Deceased UH Hilo Student Honored Through Writing Award
Matthew Therrien, a UH Hilo student who was tragically killed in a car accident on April 6, 2014, is being honored through an award recognizing outstanding English students at UH Hilo.
Dr. Stephen and Gloria Gainsley, who are friends of the Therrien family, donated a $5,000 gift establishing the Matthew Somchai Therrien Award. The award serves to remember Matthew’s legacy of creativity and service, while recognizing and encouraging other UH Hilo English students.
“By initiating the Matthew Somchai Therrien Award we wish to honor both Matt’s talent and love of writing, as well as the loving family who inspired him,” said the Gainsleys.
Stephen and Gloria met the Therrein family during their college years at UH Mānoa in the 70’s. They stayed connected through an annual newsletter written by each member of the Therrien family, which included photos and articles described as “hilarious” and “sometimes serious.” The family activity may have been the inspiration for Matthew’s own passion for creative writing, according to the Gainsleys.
Matthew’s dream was to become an English professor, and he actively mentored youth in the local community. A Wisconsin native, he first attended the University of Wisconsin before joining AmeriCorps in Seattle to work with students facing life challenges. After moving to the Big Island, Matthew continued his community work on the regional board of Big Brothers Big Sisters of Hawai`i Island, and with the Boys & Girls Club.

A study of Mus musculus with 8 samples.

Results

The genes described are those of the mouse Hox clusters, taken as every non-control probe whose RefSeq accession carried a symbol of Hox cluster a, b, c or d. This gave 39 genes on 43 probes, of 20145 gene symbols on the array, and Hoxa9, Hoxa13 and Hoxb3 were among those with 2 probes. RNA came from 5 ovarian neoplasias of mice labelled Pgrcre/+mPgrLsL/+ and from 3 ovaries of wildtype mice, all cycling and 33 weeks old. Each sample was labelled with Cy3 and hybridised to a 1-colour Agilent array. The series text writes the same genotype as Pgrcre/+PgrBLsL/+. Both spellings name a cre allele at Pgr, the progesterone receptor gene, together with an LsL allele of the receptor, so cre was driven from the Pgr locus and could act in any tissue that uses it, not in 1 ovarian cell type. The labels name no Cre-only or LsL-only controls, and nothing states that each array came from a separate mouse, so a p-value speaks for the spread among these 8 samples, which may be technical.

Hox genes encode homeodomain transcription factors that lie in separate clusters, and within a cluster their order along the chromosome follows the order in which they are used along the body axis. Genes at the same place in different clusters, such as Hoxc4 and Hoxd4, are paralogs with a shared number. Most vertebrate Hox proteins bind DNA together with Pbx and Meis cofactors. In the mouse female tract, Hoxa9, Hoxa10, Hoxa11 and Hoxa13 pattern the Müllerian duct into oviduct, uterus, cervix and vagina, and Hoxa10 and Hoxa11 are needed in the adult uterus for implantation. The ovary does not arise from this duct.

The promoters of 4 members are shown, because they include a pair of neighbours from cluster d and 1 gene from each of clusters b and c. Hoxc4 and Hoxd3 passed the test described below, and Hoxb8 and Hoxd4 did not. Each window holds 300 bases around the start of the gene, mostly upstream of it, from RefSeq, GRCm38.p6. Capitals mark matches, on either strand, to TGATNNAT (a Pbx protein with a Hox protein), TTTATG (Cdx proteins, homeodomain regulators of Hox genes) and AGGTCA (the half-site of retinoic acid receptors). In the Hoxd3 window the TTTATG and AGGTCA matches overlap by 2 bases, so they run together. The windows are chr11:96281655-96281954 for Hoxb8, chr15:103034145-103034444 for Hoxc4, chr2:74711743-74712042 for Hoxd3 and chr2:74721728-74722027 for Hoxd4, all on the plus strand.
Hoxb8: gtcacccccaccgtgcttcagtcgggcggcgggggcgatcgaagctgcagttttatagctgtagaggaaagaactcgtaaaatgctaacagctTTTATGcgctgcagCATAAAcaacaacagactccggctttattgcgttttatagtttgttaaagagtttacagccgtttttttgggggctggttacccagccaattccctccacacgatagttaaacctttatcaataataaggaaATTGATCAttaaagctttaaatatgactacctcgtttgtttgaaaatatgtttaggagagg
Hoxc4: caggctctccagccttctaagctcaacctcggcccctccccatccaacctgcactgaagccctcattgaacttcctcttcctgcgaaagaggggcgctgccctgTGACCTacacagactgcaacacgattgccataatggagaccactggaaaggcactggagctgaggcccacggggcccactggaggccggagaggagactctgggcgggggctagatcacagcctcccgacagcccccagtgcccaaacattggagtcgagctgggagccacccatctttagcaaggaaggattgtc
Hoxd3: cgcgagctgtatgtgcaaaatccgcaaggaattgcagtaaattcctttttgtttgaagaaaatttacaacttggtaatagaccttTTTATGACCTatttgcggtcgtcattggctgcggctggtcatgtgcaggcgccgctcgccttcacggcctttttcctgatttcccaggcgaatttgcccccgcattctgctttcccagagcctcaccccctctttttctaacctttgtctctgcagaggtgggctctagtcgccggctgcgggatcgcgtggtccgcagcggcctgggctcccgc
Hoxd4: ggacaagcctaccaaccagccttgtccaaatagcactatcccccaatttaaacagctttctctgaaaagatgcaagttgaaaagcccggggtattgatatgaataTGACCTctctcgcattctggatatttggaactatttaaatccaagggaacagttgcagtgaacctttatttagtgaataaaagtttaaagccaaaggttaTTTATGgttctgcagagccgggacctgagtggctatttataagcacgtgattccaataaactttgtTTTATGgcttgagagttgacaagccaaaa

His talent as a writer was widely recognized at UH Hilo by faculty and students. In 2012 he received the Droste Award for a collection of original poems.
“Matthew Therrien was an extraordinarily gifted, multi-faceted, delightful student, who inspired not only his fellow students, but also his teachers to continue to think, write, and learn,” said Kirsten Mollegaard, UH Hilo English department chair. “The UH Hilo English department is grateful to the Gainsleys for their generous gift, which will be used to commemorate Matthew Therrien’s legacy by promoting excellence in writing among our English majors.”
Matthew’s father Mark Therrien said his son loved English, and used writing as a medium to express his passion for social justice.
“Matthew believed that dialogue was the only way to end racism – to acknowledge its existence, to not be afraid to talk about it or write about it,” he said. “Matthew was not afraid.”
To contribute to the Matthew Somchai Therrien Award, visit www.uhfoundation.org/givetouhh, or contact the UH Hilo Development Office at (808) 933-1945.